Tuesday, March 23, 2004

Gender and communication
by Donnell King

There is a biological basis for differences in communication patterns in men and women.

For instance, the corpus colossum, the bundle of nerves that connects the two hemispheres of the brain, is generally about 30 percent larger in women than in men. That doesn't mean either gender is smarter; it means that women are better able to multitask, switching back and forth between the detail-oriented thinking and the holistic, pattern-oriented thinking that the two sides generally control. (Yes, this is an oversimplication, but it accounts for at least some of the differences, though not all.)

Testosterone has been shown to affect attention. It's not that men don't pay attention; rather, they focus on one item at a time, like search light, whereas women tend toward a less-focused, more encompassing attention oyono melatonin tabletten, like a light bulb that lights a whole room. Whether this is driven by biology or socialization is an open question. It is true, however, that the traditional roles reinforce and/or are driven by these differences. The challenge of managing a house and several kids at once requires more comprehensive attention; the challenge of killing something and bringing it home to eat requires the more focused attention and the ability to block out distractions. You'll see your housecat do the same thing when it's stalking something. Predators focus.

Though not politically correct, and certainly subject to conscious management (they are, after all, tendencies rather than requirements), these differences come into practical play in our everyday conversations.

Deborah Tannen how found several significant differences between the way women communicate and the way men communicate (as far as I know, she hasn't tried to determine if it's biologically or sociologically based--just noted the differences). For instance, women are better at accurately determining someone's emotional state based on nonverbal communication, a skill that demands integration, pattern-recognition, and multitasking read it. Men are better at problem-solving, a skill that demands focus, blocking out of extraneous information, and following distinct steps.

Bottom line: he's not preferring the football game to her. But if he's watching the football game while she's trying to talk to him, he will literally not hear what she's saying. By the same token, if she manages to get his attention he will hear what she is saying, but he will have no clue what happened on the TV while he was talking to her.

Such linear communication also doesn't lend itself to frequent interruptions. In other words, interruptions can drastically affect men without bothering holistically focused women as much. Men are often criticized for having one-track minds. They can, in fact, switch tracks, but it takes the kind of effort it takes to have a train switch tracks. Constant interruptions can have the effect and frustration on men of constant derailment. This, in itself, is probably very frustrating to women who don't need a track and can zoom all over the landscape at will.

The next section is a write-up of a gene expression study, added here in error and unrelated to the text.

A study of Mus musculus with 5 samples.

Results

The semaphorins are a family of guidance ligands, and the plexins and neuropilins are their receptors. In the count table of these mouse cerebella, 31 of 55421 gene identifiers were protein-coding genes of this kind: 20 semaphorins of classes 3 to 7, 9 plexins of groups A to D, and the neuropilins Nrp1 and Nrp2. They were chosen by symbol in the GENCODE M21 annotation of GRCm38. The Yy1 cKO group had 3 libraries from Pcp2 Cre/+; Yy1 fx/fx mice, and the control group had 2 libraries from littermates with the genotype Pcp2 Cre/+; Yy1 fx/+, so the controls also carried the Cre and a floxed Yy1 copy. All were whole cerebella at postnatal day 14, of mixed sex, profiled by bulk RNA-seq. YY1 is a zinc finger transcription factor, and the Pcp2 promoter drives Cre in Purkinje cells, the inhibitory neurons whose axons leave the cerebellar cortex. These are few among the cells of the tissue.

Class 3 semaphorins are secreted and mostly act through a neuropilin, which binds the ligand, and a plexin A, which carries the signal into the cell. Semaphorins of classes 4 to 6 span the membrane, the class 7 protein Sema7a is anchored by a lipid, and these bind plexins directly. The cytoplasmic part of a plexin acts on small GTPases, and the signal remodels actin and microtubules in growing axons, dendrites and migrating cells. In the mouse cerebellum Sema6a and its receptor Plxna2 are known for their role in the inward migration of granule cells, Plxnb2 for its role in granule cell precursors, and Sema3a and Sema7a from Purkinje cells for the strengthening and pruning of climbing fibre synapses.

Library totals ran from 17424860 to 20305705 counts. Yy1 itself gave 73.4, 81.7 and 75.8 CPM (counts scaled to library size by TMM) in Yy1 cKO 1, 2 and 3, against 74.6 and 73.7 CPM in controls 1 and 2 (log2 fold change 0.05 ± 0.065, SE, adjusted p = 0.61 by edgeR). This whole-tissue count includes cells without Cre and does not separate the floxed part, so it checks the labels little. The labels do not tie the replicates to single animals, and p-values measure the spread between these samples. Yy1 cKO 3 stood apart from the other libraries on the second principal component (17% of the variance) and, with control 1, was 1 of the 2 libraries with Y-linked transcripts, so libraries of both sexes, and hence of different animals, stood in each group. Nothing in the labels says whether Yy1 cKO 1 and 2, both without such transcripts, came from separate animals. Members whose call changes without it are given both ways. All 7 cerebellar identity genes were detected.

It is quite possible to recognize these differences, and compensate for them. For instance, women tend to communicate primarily to share feelings and understandings, whereas men communicate primarily to solve problems. If I'm talking to another man about a problem at work, he will just assume I'm seeking help solving the problem, and he will likely be right--otherwise, I wouldn't have said anything. If I try to solve my female colleague's problem in the same way, though, I may be told that I'm not "listening," because I'm trying to solve the problem rather than simply "hear" her.

I have been learning (and it is a learning that will go on for a lifetime; we can compensate for biology, but we can't change it) to ask my wife when she wants me to help her solve a problem, and when she wants me to just listen. And I have also been learning to let her know what I'm seeking as well, since we've both been learning that it can be useful to communicate in the other mode than what our biology might predispose us to. But it takes conscious effort. We have also been learning that violating the expectation that our respective gender lead us to regarding communication does NOT mean that the other person is inattentive, uncaring, or "not listening"--which is the most common complaint both men and women have about each other.

Again, these are tendencies, not necessities. Assuming that "all" men or "all" women communicate in a certain way would be going too far. Ignoring the tendencies would go too far in the other direction, however.

Now, go out and commit an act of communication!

Editor update

We're having some problems with our other blogs that could show up on this one. The software has a bug that the techies are trying to track down that can sometimes (not always--which makes it harder to track down) send out to the email list the most current post AND the next-to-most current post. If we find this happening with Squiggles, we will disconnect the email list from the blog. Subscribers will still get the most current post in email, but I'll have to send it by hand, which may mean it appears on the blog site up to 24 hours before you get it in email. We'll get this fixed soon, or I'll switch to a different software package.

You may see a site redesign soon as well.

For those following Hannah's progress, she is gaining weight now! She has adapted to her gastric feeding tube (put in place because she wasn't protecting her airway and was aspirating her food), and we are starting to get a handle on how all this affects our daily schedule). She still has physical challenges (at nearly 11 months, for instance, she still has trouble holding her head up and still can't sit up on her own), but she is making progress, and now weighs 15 pounds, 5 ounces.